Patti Nickell, Lexington Herald-Leader on

Published in Travel News

JEFFERSONVILLE, Ind. -- For years, the small communities on the north bank of the Ohio River across from Louisville, Ky., could have been compared to Brooklyn, seemingly forever in the shadow of its glamorous fellow borough, Manhattan.

That is until Brooklyn -- much like a rebellious stepchild -- broke free and came into its own in spectacular fashion. Now, Jeffersonville and neighboring New Albany, Ind., are hoping to do the same.

Cross the Big Four Pedestrian and Cycling Bridge linking Louisville to Jeffersonville, and you might be in another time, miraculously transported to the type of small town America chronicled by playwright Thornton Wilder and novelist Sherwood Anderson.

The Jeffersonville area's main attraction, however, goes back even further -- some 390 million years to be exact. The Falls of the Ohio River are a series of rapids flowing over limestone ledges making this stretch of the river impassable for boats -- the only natural obstruction along its entire 981 miles.

In this area, once covered by a shallow tropical sea, is one of the largest exposed Devonian-era fossil beds in the world.

The Falls of the Ohio State Park was the nation's first conservation area, and the best place to start a visit is at the award-winning Interpretive Center. Next, head down to the fossil beds where you can see the outlines of corals, mollusks and sponges that once thrived here still embedded in the shale.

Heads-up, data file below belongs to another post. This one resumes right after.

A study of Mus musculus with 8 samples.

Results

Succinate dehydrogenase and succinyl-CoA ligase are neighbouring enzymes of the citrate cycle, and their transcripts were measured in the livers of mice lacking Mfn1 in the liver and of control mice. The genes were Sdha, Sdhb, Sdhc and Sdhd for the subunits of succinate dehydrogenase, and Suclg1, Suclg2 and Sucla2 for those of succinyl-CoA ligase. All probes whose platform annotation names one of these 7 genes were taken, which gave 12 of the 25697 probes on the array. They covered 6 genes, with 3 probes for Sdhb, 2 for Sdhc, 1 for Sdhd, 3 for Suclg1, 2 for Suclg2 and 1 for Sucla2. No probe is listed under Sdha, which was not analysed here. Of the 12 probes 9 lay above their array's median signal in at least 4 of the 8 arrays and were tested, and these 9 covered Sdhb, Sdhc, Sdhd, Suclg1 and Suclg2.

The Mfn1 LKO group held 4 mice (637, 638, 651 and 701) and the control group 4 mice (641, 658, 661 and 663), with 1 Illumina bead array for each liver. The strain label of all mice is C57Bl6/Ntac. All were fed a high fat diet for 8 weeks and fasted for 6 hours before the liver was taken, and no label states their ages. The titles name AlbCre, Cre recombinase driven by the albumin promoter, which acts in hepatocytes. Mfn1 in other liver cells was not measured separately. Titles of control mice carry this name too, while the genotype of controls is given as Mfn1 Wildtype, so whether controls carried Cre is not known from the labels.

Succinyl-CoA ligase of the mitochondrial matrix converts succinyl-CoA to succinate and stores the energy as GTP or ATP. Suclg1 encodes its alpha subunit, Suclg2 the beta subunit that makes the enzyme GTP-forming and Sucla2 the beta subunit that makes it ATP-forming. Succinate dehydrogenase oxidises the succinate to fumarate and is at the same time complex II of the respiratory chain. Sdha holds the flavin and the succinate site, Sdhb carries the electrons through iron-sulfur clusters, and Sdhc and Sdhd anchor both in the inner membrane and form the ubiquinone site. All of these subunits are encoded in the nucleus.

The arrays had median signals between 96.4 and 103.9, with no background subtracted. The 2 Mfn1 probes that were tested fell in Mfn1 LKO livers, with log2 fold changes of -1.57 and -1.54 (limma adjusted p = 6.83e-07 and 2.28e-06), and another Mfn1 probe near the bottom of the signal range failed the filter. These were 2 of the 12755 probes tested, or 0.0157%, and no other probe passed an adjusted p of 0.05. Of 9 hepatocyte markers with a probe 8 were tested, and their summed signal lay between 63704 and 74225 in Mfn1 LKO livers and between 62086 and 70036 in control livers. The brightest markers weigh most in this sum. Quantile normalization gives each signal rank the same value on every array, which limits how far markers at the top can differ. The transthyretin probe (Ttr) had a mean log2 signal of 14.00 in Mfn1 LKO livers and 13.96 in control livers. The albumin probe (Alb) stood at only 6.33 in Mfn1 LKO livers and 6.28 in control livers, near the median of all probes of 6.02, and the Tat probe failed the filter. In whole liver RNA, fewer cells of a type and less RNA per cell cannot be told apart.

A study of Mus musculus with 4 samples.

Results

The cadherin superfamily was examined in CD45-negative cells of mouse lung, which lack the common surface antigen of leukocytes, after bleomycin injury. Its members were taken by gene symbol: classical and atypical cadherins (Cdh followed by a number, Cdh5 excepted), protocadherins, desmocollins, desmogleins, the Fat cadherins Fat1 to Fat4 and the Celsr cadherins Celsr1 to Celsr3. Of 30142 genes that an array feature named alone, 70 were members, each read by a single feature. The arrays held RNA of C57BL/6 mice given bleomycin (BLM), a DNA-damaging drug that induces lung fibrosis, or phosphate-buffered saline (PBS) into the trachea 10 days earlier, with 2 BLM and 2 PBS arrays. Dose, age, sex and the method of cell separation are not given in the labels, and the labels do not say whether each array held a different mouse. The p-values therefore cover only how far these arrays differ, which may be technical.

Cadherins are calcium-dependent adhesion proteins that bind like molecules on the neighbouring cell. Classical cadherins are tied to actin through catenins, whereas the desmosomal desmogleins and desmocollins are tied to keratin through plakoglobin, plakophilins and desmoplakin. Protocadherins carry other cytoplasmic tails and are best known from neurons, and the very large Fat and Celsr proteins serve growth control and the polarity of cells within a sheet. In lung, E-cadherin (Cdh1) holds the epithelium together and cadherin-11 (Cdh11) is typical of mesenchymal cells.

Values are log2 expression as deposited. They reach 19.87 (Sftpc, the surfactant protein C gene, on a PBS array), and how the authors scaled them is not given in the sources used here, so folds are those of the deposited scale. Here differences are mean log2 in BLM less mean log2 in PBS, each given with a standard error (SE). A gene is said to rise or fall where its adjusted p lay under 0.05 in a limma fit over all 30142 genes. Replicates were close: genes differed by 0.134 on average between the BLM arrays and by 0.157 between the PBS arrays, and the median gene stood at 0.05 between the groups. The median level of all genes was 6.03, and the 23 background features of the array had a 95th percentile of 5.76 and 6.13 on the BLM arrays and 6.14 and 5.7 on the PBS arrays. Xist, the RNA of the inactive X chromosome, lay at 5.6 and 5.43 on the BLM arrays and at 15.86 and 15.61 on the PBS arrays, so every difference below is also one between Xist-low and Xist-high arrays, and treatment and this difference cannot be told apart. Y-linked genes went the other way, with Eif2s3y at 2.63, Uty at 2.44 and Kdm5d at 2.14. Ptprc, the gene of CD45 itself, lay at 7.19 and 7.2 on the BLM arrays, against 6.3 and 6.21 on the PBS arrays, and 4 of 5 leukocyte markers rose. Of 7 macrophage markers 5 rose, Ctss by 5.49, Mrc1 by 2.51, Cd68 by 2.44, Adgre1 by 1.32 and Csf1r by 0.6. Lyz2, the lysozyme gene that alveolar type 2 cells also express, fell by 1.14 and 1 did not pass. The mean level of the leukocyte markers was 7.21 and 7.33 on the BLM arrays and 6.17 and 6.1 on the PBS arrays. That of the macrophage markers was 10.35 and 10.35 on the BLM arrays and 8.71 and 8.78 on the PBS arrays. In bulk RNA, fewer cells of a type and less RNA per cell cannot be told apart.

After a couple of hours spent with fossils, you'll be ready for communing with live folk. There's no better place to start than at Schimpff's Confectionary where husband and wife owners Warren and Jill Schimpff take visitors on a tour of the old-fashioned candy store, treating them to their famous cinnamon red-hot drops, and entertaining them with a repartee worthy of a vaudevillian act.

After you've sampled the candy, take a short drive to Huber's Orchard, Winery and Vineyard to enjoy some liquid sweetness. Among the distillations available for tasting in the state-of-the-art tasting room are Blueberry Port, Applejack and Peach Brandy and Blackberry Whiskey. Indiana's largest estate-bottled winery now also distills whiskey at its recently expanded Starlight Distillery.

More than a winery and distillery, Huber's has a marketplace where visitors can shop for baked goods, fresh produce and homemade ice cream, or they can experience the "Pick Your Own" activity -- everything from apples and peaches to pumpkins and Christmas trees.